I've started to lose hope about humanity's ability to really plan for the worst. It was said that the failure to anticipate a 9/11 style attack was a failure of imagination. The preparations for a hurricane hitting New Orleans seems to be much the same:
Army Corps personnel, in charge of maintaining the levees in New Orleans, started to secure the locks, floodgates and other equipment, said Greg Breerwood, deputy district engineer for project management at the Army Corps of Engineers.
"We knew if it was going to be a Category 5, some levees and some flood walls would be overtopped," he said. "We never did think they would actually be breached." The uncertainty of the storm's course affected Pentagon planning.
Complaints about the pace of aid getting into the city are missing a major aspect of the problem. It doesn't matter how much are waiting to get in, which is mind-boggling yet not enough, but the means of getting it in have been destroyed. Between debris and water, there are no roads. We know where the aid is and where it needs to go, but right now, you can't get there from here. If you compare the geography of the places, swamp and bayou vs. desert, it would be easier to get those supplies to Falluja than New Orleans. Distance isn't the issue, the problems are the obstacles.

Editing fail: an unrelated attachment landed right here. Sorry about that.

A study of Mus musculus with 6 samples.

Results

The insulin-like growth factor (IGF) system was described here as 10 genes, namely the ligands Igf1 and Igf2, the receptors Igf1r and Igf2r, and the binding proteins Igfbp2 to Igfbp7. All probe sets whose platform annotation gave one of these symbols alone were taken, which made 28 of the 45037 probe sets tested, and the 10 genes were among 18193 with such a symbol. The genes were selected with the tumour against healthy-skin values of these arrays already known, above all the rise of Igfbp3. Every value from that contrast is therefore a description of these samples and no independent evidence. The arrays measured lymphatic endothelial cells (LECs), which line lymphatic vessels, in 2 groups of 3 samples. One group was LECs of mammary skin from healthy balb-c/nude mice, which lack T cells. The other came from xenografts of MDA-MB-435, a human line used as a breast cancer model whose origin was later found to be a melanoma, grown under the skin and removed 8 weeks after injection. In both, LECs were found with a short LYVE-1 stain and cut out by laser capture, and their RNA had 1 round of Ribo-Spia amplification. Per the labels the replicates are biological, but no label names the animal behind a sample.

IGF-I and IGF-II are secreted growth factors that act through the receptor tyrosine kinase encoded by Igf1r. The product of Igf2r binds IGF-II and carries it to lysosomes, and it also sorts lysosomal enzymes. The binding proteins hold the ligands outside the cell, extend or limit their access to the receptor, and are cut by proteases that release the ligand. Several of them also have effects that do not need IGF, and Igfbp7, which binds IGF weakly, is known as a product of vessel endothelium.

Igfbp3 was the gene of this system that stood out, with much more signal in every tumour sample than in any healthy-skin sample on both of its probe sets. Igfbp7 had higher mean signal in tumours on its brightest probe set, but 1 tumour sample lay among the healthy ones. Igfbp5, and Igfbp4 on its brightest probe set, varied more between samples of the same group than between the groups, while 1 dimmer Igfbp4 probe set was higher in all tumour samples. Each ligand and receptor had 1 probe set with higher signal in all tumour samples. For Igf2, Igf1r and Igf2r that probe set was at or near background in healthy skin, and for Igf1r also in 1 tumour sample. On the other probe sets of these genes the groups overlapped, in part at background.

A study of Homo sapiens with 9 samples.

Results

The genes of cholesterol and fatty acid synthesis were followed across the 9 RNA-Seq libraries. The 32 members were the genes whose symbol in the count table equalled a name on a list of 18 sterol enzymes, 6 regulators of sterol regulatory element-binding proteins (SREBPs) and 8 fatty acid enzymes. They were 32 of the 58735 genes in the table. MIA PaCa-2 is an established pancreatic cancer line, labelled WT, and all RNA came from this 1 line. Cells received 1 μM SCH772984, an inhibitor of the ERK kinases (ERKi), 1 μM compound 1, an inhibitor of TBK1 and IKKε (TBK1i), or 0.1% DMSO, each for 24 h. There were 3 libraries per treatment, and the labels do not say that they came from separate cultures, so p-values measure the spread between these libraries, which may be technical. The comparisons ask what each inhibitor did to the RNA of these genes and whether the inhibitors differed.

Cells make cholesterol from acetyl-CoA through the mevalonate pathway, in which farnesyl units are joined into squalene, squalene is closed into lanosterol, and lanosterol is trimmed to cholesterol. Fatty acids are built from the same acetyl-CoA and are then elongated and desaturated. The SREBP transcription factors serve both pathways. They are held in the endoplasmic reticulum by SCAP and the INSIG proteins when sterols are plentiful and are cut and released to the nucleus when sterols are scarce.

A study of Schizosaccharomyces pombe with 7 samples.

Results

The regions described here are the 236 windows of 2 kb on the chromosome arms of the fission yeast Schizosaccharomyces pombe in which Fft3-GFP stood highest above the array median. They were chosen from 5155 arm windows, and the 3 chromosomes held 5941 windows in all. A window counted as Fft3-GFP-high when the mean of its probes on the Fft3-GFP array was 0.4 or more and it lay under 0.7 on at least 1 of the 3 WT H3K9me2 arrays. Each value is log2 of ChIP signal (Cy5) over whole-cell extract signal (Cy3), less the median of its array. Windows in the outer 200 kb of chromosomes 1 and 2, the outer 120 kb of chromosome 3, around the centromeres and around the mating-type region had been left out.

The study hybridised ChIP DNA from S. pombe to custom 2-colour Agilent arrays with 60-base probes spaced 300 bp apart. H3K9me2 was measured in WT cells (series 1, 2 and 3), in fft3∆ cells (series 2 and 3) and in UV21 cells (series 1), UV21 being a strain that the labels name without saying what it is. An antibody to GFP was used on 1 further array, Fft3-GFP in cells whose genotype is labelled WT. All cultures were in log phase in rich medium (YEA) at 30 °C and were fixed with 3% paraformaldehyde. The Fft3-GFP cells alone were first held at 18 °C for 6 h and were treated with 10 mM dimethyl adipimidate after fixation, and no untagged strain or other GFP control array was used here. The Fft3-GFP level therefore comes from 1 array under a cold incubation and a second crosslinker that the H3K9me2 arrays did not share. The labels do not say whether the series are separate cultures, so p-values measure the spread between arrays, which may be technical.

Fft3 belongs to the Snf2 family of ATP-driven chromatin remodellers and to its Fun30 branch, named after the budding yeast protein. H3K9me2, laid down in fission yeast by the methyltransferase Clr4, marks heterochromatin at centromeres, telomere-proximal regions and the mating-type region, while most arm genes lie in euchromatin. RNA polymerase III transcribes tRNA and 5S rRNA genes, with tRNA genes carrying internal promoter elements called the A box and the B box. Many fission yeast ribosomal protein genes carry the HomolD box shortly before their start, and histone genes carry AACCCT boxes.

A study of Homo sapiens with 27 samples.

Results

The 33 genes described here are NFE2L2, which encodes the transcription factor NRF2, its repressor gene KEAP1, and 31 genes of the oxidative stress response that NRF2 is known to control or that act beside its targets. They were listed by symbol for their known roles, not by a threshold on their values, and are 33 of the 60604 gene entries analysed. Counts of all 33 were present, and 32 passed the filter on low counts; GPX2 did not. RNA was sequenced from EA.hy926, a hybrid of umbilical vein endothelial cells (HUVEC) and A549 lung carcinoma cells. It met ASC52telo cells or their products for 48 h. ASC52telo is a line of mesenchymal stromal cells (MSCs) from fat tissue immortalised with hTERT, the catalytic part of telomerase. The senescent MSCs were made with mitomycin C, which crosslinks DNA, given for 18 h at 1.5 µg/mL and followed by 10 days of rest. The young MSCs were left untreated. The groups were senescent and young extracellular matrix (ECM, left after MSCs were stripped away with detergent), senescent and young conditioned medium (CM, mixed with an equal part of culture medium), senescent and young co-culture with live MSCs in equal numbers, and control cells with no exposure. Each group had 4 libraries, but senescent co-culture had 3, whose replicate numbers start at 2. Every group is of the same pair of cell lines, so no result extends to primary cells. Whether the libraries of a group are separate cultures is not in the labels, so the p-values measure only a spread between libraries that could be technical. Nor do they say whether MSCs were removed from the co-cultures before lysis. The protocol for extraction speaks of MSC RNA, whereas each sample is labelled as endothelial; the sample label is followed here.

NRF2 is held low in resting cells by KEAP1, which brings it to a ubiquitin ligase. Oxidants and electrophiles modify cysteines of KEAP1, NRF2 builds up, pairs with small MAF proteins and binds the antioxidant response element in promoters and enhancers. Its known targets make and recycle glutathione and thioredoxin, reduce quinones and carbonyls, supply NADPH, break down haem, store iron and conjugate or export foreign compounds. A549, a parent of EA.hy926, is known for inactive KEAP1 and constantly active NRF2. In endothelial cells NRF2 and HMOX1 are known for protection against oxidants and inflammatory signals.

It is beyond just a physical breakdown occurring in New Orleans. There is also a social breakdown occurring. I don't have much to say here, other than the bastards who are shooting at hospital evacuations should go to hell and the sooner the better.
Further rumination: Perhaps good old-fashioned denial had hampered the planning. When you have an evacuation plan, announced in advance of the city getting hit, that did not include mobilizing hundreds of school busses, it becomes clear that the screw-ups started at the very bottom of the line.